Mustang Pass Trail
Recommended Users: Hikers, Mountain Bikers
Type: Singletrack and Two-track
Length: 2.6 miles
Sub-Area: Mill Creek (lower) and Broken Mesa (upper)
Zone: Lowland and Upland boundary
Managing Agency: BLM and SITLA
Access: Mill Creek Access Point—From 1-15 Exit 13 turn left (north) after exiting the off ramp. Continue 0.4 miles and then turn right leaving the pavement (driving carefully between the end of road posts). Continue 1.0 mile and turn right. Drive north another mile until reaching the NCA boundary (marked by a stepover and kiosk). Park here off the travelway, and do not block the gate. From this access point, travel north on Mill Creek Trail for 1.6 miles to reach Mustang Pass Trail. High clearance vehicles are recommended to reach this access point; during and after inclement weather, this route may be impassable.
Main Street Access Point—From I-15 Exit 8 turn west onto St. George Blvd. Turn right on 1000 East. Turn right (east) at the traffic light on Red Hills Parkway. Continue heading east as Red Hills Parkway turns into Buena Vista Boulevard until reaching Main Street. Turn left (north) on Main Street and continue until it ends at gated dirt road. Park in the shoulder well off the road on the left, but do not block the gate.
Starting at this location will add 2.9 miles of two-track on the Mill Creek Trail
before reaching the Mustang Pass Trail.
Mustang Pass Trail begins on the left just past the water pump station on Mill Creek Trail; look for the trail marker. The trail to the top of the pass is singletrack, sometimes nice dirt, sometimes mixed with basalt rock. The trail climbs easily to the top over a series of long switchbacks. The Cottonwood Canyon Wilderness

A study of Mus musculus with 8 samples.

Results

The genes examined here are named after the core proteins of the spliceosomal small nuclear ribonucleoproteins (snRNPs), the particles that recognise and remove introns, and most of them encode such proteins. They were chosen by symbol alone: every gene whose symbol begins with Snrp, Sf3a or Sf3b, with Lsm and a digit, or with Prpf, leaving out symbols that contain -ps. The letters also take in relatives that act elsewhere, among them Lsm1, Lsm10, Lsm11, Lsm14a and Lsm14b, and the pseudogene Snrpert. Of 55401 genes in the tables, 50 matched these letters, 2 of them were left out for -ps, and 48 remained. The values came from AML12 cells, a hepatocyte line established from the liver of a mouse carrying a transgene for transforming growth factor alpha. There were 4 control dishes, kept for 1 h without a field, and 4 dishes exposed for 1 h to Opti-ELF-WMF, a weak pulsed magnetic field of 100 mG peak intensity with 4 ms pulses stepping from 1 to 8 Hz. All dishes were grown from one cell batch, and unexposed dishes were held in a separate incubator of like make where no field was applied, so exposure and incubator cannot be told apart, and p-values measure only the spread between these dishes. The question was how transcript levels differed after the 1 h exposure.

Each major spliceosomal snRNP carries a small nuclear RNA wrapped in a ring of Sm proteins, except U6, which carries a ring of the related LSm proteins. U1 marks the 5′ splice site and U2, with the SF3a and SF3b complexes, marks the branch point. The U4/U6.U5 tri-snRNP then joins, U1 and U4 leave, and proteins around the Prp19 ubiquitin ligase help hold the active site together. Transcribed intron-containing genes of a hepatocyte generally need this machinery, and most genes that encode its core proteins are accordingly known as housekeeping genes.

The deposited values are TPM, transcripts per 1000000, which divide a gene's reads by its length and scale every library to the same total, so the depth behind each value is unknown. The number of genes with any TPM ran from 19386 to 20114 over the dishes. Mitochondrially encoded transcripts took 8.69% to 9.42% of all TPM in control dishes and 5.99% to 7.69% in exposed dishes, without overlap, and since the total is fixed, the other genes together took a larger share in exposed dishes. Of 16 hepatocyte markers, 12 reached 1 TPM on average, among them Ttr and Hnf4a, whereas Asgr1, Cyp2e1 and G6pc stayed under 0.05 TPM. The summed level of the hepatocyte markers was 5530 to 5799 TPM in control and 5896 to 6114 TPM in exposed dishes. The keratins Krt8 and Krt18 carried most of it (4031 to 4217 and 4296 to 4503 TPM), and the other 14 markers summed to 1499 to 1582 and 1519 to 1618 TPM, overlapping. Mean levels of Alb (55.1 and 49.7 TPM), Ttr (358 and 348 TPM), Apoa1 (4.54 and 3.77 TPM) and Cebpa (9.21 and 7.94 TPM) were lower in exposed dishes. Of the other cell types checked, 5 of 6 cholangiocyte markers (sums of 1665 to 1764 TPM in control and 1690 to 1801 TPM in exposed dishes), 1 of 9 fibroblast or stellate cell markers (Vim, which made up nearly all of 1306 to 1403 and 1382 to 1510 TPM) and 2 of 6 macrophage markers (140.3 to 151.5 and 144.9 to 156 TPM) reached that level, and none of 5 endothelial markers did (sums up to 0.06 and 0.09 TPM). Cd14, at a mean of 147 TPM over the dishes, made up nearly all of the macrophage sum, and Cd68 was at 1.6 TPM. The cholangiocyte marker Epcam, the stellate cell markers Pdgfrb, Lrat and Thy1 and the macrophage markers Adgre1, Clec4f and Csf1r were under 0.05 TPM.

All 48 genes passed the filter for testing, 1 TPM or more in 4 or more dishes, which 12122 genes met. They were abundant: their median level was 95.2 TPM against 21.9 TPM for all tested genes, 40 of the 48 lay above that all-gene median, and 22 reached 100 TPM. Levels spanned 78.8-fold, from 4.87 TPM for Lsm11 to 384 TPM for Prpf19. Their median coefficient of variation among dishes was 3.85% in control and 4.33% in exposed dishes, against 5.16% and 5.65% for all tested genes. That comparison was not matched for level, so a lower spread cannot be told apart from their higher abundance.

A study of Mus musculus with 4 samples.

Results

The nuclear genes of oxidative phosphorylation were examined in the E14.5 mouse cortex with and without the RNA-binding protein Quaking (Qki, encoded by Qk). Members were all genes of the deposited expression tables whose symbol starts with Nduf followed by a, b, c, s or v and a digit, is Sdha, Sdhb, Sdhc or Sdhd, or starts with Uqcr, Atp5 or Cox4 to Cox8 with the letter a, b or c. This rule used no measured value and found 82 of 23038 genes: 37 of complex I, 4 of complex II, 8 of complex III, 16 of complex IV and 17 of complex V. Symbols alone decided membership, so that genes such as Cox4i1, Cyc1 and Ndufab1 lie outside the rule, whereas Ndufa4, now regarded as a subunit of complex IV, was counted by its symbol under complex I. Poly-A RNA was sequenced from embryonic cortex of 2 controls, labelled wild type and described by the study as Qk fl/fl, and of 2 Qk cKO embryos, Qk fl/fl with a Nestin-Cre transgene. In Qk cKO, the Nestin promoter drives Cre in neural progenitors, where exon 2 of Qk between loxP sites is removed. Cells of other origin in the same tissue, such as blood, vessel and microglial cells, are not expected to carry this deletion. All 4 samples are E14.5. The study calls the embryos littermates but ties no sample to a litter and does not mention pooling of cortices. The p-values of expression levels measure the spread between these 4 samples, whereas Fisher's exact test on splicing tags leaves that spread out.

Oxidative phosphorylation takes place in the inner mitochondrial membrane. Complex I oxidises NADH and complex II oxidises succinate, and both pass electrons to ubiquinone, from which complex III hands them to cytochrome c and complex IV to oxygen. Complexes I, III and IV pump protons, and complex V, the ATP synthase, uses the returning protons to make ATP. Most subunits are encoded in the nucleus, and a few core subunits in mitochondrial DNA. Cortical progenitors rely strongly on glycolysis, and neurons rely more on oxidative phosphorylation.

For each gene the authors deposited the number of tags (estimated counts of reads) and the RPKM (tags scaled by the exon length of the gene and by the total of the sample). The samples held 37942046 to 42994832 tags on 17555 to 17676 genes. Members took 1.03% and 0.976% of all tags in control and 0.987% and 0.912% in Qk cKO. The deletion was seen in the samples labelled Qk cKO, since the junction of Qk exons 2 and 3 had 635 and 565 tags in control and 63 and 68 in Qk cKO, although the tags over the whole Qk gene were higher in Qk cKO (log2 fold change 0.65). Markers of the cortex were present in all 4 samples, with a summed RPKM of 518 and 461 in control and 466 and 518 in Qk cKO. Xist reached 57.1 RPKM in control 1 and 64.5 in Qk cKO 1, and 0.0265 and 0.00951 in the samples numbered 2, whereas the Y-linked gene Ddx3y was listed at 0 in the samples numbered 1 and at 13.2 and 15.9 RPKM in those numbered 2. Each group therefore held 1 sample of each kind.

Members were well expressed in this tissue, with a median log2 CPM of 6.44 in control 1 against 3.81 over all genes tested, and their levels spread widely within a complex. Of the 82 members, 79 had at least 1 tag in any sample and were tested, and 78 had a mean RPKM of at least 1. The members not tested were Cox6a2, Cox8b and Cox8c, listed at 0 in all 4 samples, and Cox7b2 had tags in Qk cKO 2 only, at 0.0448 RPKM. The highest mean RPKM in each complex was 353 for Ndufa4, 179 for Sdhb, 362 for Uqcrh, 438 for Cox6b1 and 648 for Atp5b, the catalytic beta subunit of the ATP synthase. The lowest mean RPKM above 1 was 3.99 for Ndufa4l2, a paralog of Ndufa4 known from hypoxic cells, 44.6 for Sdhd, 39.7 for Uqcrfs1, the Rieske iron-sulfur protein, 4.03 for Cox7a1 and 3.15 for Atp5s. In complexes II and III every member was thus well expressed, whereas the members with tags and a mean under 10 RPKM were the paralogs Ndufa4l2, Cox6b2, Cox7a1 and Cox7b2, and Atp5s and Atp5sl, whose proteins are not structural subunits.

boundary is the north side of the trail. Views into the wilderness are of colorful sandstone hills and mountains with some of the highest capped in black basalt. The Pine Valley Mountains lie in the distance. At the top of the pass near the 2 mile mark, sits a historic retention basin and offers a short respite from the uphill climb and before careening down the other side. Despite the fire damaged landscape, desert tortoises frequent the area (probably hanging out in the basalt boulders), so use caution when biking. The trail descends down an old two-track from the retention basin, winding its way down to the Middleton Powerline Trail
Loop: For a 6.5 or 7.8 mile loop (depending on which one of the access points above is used), travel Mill Creek Trail north to Mustang Pass Trail. At the bottom of Mustang Pass Trail, turn left on Middleton Powerline Trail. Turn right (south) onto Mill Creek Trail to return to your vehicle.